Pauline Quirion (Greater Boston Legal Services), Stephen Russo (Legal Advocacy and Resource Center), Christina Miller (Suffolk County District Attorney’s Office), and Susan Malouin (Greater Boston Legal Services) taught the audience about criminal record sealing at the annual CORI Training last Thursday.
Pro Bono Month officially kicked off at the BBA last Thursday with the annual CORI Training—the first of many pro bono trainings to be held at 16 Beacon this month. Our longtime readers may remember our write-up of last year’s CORI Training, but for those of you who are new to Beyond the Billable, here’s the breakdown. The BBA teams up with long-time partner Greater Boston Legal Services each year to train attorneys to seal criminal records in an effort to combat unemployment and break the cycle of poverty. This year’s panel featured Pauline Quirion (Greater Boston Legal Services), Stephen Russo (Legal Advocacy and Resource Center), Christina Miller (Suffolk County District Attorney’s Office), and Susan Malouin (Greater Boston Legal Services). Beyond the Billable checked in with Pauline to hear what guests took away from the training. Here’s what she had to say:
What do you hope attendees learned from the training?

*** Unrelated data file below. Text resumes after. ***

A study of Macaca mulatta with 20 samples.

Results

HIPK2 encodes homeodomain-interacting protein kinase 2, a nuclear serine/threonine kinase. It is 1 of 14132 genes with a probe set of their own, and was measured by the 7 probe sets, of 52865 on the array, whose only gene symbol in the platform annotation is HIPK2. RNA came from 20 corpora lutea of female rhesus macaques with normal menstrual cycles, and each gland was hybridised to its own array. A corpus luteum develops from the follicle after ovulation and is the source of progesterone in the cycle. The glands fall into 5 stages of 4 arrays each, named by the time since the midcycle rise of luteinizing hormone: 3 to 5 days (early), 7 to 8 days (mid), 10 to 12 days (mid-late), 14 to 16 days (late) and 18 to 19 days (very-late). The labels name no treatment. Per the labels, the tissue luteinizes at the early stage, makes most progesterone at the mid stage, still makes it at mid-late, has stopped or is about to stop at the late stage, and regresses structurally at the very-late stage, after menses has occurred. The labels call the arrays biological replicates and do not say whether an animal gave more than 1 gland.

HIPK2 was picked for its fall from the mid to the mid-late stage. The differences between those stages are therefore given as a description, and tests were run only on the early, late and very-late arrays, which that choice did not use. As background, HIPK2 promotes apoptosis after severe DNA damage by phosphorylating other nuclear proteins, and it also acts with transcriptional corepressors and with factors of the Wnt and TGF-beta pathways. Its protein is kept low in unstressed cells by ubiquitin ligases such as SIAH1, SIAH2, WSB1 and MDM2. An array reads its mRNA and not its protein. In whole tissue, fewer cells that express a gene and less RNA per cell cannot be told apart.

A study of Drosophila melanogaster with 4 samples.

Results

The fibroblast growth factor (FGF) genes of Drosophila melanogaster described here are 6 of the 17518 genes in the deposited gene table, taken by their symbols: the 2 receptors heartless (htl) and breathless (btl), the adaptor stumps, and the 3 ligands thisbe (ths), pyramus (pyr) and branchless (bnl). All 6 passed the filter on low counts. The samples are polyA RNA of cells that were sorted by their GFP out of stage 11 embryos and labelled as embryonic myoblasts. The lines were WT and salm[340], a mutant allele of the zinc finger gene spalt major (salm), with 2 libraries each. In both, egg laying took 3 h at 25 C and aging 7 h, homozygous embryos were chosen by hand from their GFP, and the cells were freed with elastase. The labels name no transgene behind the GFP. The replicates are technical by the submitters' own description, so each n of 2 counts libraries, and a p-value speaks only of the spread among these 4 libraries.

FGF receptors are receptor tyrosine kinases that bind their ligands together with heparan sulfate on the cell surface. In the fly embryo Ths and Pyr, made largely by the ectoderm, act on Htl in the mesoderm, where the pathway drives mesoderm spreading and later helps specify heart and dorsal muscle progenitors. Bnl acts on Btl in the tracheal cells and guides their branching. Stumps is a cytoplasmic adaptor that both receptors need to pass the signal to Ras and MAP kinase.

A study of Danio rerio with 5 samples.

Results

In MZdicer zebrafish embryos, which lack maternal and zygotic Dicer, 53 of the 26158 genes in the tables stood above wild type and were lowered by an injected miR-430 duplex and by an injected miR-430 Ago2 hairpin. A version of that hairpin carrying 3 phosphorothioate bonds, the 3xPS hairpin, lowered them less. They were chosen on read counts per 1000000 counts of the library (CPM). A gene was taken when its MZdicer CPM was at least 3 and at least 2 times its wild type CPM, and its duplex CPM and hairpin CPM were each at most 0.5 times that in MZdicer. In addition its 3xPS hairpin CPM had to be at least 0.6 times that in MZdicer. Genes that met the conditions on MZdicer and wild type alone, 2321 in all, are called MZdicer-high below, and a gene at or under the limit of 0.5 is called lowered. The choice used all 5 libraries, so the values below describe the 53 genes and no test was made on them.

“Hopefully, attendees left with a basic understanding of how to seal records as well as an understanding of the devastating consequences of having a criminal record. Work is the pathway to a better life and out of poverty. CORI traps people in a cycle of unemployment, poverty and often hopelessness.”
Why should attorneys volunteer for GBLS’ CORI Program?
“CORI sealing work is racial justice work. Mass incarceration and disproportionate involvement of people of color in the criminal justice system are the new Jim Crow. The stigma related to having a criminal record has caused an epidemic of joblessness and underemployment in Boston’s predominately black communities. The destruction of life opportunities through criminal records means not only that individuals suffer, but that communities of color are pushed toward a permanent underclass in Boston. Sealing a criminal record can put an end to a person’s chronic unemployment, homelessness and inability to provide for his or her children.”